Got this message today at work, FYI I don't work for the Fed. This will help explain why people had about their banks not giving out boxes.
NONCONFIDENTIAL // EXTERNAL
As you may be aware, due to the COVID-19 pandemic many banks and retail outlets have been experiencing low inventories of coins in recent weeks caused by the dramatic decrease in coin circulation through the normal supply chain. As of April 2020, the U.S. Treasury estimates that the total value of coin in circulation is $47.8 billion, up from $47.4 billion as of April 2019. While there is adequate coin in the economy, the slowed pace of circulation has meant that sufficient quantities of coin are not readily available where needed. Given the Federal Reserve Bank of Richmond's role in distributing supplies of cash and coin to Federal Reserve FedCash® Services customers, I wanted to touch base to update you on recent actions by the Federal Reserve to address the issue.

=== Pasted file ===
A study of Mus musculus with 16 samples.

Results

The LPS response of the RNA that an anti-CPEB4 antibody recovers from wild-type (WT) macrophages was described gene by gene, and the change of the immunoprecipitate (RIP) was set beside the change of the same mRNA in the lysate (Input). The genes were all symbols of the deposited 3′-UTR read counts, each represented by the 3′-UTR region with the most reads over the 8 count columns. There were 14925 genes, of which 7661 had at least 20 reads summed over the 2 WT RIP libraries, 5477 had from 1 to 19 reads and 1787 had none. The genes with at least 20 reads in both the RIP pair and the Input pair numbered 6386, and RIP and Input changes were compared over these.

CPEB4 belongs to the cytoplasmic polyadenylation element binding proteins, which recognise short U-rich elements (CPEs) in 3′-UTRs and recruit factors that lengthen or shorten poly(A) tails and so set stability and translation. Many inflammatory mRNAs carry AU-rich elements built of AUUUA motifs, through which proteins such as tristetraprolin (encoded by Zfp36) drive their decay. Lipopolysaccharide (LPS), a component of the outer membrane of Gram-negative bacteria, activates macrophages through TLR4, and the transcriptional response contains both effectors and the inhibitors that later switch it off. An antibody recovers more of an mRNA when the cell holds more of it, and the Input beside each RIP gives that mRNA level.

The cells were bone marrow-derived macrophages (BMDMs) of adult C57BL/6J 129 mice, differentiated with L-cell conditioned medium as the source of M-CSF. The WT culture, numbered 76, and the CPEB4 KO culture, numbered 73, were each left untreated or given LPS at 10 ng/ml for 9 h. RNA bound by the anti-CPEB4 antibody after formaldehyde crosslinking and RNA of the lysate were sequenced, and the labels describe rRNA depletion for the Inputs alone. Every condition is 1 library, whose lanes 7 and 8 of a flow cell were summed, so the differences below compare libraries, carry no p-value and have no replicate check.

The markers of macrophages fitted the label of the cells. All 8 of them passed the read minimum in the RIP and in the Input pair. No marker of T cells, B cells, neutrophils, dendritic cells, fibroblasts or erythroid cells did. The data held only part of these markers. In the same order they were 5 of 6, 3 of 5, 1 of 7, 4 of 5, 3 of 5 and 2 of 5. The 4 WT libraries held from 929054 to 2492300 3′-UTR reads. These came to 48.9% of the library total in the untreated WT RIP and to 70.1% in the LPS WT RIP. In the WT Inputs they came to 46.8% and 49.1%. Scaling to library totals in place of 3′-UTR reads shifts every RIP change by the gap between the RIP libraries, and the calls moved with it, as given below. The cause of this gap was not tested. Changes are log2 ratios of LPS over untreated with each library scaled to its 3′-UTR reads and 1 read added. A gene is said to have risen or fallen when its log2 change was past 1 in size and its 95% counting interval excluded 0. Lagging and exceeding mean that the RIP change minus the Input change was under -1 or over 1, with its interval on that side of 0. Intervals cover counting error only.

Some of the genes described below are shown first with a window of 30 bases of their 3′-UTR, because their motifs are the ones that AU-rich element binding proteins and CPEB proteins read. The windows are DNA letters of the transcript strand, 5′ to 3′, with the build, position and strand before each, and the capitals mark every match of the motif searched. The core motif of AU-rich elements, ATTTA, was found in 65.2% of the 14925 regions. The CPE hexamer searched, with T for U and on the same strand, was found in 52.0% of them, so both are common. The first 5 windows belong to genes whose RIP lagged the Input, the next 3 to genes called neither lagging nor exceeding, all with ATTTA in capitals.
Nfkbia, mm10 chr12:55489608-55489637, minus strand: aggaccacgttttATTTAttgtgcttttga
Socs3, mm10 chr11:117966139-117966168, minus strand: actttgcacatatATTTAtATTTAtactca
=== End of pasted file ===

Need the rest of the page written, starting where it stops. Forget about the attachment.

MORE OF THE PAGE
In an announcement made today, the Federal Reserve will be convening a group of industry leaders for a limited-scope, limited duration task force, the. U.S. Coin Task Force, to work together to reduce the consequences and duration of COVID-19 related disruptions to normal coin circulation. This follows the implementation on June 15th of a temporary strategic allocation methodology intended to help resolve the near-term supply issues while ensuring fair and equitable distribution of existing coin inventories.
The coin supply chain includes many participants, from the U.S. Mint who produces new coin, to the Federal Reserve who distributes coin on the U.S. Mint's behalf, to armored carriers, banks, retailers and consumers, all of whom have a role to play in helping to resolve this issue. The task force will begin meeting in early July to develop recommendations for actionable steps our supply chain partners can take to address the issue.